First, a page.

Twins have to wonder at what point does a bad start become a bad season?

As I watched Alex Burnett fall apart last night, costing Scott Baker the win, I started wondering, when does a bad start become more than just that? The Twins have been pretty bad for a month now and things don’t show any signs of improving. Their best player is on the shelf and there doesn’t seem to be any timetable for his return. Their “ace” pitcher has been dreadful and is showing no signs of life. The bullpen has been completely rebuilt and continues to struggle. And injuries and illness have seemingly affected all of the best players. I mean, why can’t Matt Tolbert get the flu instead of Justin Morneau? Basically everything that could go wrong so far has and it makes me feel somewhat optimistic that they can right the ship, but at what point do you stop making excuses or stop telling yourself that these guys are too talented to be playing this badly?

I wrote about not making excuses for Francisco Liriano anymore and I think I should do the same for this team as a whole. The bats started heating up and then the pitching failed them, then the bats cooled off for a three-game set against Tampa. It just seems like they can’t put it all together for one night. Scott Baker was pretty good, again, last night and the bullpen failed him. So it just keeps piling up here.

Right now the Twins are 9-16 and sitting in last place in the division. But they are still very talented and have played poorly in the first half of seasons in the past. In 2006 the Twins posted a 9-15 record for the month of April. That season they went on that epic second half run to win the division title. In 2009, the Twins were 11-11 after April and went on to win the division in a 163rd game playoff. It isn’t like the month of April has been great for them in the past, except for last year, when they were on fire, going 15-8. I just wonder if this team can go year after year making late season comebacks. It is only April, but the old adage “you don’t win divisions in April, but you can lose ‘em” is pretty true. The Twins are eight games back right now and if that number keeps climbing it is really going to make any late season push pretty challenging.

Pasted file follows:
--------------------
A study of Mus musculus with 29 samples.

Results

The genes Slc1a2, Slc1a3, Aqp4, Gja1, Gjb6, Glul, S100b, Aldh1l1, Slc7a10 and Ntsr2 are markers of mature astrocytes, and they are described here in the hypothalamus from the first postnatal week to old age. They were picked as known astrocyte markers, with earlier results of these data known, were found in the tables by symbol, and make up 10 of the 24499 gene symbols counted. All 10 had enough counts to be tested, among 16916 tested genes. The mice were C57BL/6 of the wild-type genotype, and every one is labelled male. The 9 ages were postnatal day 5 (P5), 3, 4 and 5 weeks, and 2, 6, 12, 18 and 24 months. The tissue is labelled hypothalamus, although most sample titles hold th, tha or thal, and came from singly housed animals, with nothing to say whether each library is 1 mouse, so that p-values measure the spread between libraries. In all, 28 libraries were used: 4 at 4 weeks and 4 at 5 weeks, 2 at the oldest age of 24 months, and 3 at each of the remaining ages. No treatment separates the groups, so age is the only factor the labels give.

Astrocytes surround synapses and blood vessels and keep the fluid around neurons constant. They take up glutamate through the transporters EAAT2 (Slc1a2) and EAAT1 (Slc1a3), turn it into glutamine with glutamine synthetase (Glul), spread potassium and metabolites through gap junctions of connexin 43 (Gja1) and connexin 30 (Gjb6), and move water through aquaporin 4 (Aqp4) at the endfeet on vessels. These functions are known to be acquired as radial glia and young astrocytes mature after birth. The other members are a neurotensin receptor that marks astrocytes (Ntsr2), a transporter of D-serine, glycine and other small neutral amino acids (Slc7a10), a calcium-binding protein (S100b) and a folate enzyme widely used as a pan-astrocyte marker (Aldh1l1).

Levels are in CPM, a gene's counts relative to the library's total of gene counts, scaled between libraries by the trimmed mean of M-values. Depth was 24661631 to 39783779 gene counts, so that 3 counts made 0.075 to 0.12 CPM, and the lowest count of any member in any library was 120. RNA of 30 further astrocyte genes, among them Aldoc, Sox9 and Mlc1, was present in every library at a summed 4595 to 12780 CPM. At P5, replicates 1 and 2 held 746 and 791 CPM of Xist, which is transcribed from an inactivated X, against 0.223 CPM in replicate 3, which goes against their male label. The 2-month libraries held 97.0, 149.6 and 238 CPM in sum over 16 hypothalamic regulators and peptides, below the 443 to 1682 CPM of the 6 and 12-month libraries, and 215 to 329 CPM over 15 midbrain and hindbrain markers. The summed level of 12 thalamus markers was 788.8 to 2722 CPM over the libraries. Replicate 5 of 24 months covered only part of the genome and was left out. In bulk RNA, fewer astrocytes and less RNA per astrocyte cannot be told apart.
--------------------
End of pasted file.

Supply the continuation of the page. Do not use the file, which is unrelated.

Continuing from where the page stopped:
The last time Joe Mauer missed an extensive period of time, 2007, the Twins finished the season under .500, winning only 79 games. I wonder if this season could end up playing out in a similar fashion? Mauer is on the DL currently, with no real timetable for a return. He only played 109 games in 2007 and at this pace it looks like he might struggle to get to that number this season, which makes me worry about where the 2011 Twins are heading.

I haven’t given up hope on these guys yet, as there is so much baseball left, but I am starting to wonder when a bad start becomes a bad season?